Photo: eutrophication&hypoxi; a's
Food recalls have become a part of our lives. It seems every other day a recall makes us stop in our tracks and see if we happened to purchase the current contaminated food item. But according to Food Politics, the FDA is trying to bring transparency to the food recalling system. But are we any safer?The FDA has introduced a new system to bring clarity to the food recalling system. The new Web site, according to Food Politics, is a part of the new food safety bill passed in January.
Easy New FDA Recall Site
The new site makes it much easier to follow the foods that are currently recalled with an easy-to-follow graph separated into product name, product description, reason for recall, brand name, and any related info. You can check on foods, drugs, animal health, medical devices, etc. This is good news considering that following recalls is becoming more and more important as scary new recalls threaten our nation's health.
Just last week, according to a story from CBS Los Angeles, a salmonella strain that caused the recall of nearly 55,000 pounds of frozen raw turkey burgers was deemed drug resistant. The strain is resisting treatments from several antibiotics including ampicillin, amoxicillin/clavulanate, cephalothin, and tetracycline.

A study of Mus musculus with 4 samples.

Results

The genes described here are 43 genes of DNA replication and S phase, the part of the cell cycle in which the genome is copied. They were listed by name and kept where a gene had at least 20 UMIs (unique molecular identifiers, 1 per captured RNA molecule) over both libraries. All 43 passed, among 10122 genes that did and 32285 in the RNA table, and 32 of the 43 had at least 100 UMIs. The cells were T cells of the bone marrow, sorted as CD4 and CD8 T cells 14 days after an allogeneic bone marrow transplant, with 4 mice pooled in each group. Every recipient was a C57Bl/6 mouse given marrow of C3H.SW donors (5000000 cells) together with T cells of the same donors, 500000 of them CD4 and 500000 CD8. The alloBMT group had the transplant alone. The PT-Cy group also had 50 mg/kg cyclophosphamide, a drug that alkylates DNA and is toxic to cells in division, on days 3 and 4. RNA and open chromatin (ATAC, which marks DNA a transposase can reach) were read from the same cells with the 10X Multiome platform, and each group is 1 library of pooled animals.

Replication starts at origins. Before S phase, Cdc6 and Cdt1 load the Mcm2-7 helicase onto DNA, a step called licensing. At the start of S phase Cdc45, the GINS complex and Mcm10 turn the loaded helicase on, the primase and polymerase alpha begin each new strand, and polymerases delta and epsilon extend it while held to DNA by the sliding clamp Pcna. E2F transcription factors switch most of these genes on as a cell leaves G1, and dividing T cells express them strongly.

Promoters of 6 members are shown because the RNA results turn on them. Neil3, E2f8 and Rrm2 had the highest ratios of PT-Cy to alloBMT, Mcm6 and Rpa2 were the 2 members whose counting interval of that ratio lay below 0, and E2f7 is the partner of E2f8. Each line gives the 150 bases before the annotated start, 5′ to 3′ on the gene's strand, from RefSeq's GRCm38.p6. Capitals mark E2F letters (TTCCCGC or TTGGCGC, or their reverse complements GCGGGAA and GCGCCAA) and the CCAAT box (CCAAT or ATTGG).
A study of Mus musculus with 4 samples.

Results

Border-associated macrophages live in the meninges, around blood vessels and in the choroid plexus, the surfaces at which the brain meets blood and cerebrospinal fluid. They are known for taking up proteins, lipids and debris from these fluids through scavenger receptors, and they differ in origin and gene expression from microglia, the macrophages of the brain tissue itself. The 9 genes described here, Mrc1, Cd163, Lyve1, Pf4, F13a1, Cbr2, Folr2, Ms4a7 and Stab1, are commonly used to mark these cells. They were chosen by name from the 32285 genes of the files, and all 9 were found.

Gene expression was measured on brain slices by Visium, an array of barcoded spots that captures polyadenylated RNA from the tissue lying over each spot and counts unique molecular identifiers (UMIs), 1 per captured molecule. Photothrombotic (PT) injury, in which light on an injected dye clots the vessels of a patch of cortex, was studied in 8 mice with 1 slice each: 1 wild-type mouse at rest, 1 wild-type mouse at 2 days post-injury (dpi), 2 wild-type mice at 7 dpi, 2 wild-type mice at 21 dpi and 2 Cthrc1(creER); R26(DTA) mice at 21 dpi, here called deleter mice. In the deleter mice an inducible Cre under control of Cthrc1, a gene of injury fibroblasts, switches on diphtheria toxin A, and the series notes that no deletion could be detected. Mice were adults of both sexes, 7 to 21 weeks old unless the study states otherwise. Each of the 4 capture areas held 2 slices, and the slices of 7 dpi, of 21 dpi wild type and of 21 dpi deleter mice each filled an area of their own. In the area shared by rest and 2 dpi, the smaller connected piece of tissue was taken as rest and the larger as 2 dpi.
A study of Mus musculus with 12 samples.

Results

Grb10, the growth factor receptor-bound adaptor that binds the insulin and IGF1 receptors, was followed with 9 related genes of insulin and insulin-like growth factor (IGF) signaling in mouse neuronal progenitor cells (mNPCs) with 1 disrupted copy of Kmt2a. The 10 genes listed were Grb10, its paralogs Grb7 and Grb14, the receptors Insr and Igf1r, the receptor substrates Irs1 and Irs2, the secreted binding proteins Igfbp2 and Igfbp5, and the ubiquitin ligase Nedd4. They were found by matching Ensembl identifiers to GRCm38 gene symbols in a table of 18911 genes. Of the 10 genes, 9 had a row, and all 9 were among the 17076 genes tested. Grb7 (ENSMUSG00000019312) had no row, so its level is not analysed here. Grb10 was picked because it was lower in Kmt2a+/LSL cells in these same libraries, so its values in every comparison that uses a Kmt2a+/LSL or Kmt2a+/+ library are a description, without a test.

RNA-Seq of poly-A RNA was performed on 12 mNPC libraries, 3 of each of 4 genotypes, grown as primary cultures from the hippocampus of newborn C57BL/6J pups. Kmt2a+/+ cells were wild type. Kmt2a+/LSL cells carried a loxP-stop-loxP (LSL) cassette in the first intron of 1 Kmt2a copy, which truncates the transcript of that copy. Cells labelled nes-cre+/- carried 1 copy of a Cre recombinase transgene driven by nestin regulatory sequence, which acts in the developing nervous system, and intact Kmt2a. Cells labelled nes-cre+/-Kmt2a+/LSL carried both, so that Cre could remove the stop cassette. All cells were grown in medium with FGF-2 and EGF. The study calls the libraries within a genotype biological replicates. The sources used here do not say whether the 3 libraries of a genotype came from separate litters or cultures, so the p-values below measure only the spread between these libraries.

Is Eating Locally the Answer?
Another way to avoid being the victim of contaminated foods is to eat locally as much as possible. According to Idaho farmer Debi Vogel, even though small chicken flocks can get salmonella, small producers are better poised to respond to a crisis because they distribute a few dozen eggs rather than millions, giving consumers a greater sense of security about the food they buy from small farms.
Recalls encourage us to know more about our food and the farmers that produce it. Additionally, the unhealthy confinement of animals allow for the contamination of livestock at such a rapid rate. And drug resistant outbreaks should make us take a long hard look at the extreme overuse of antibiotics in our nation's livestock.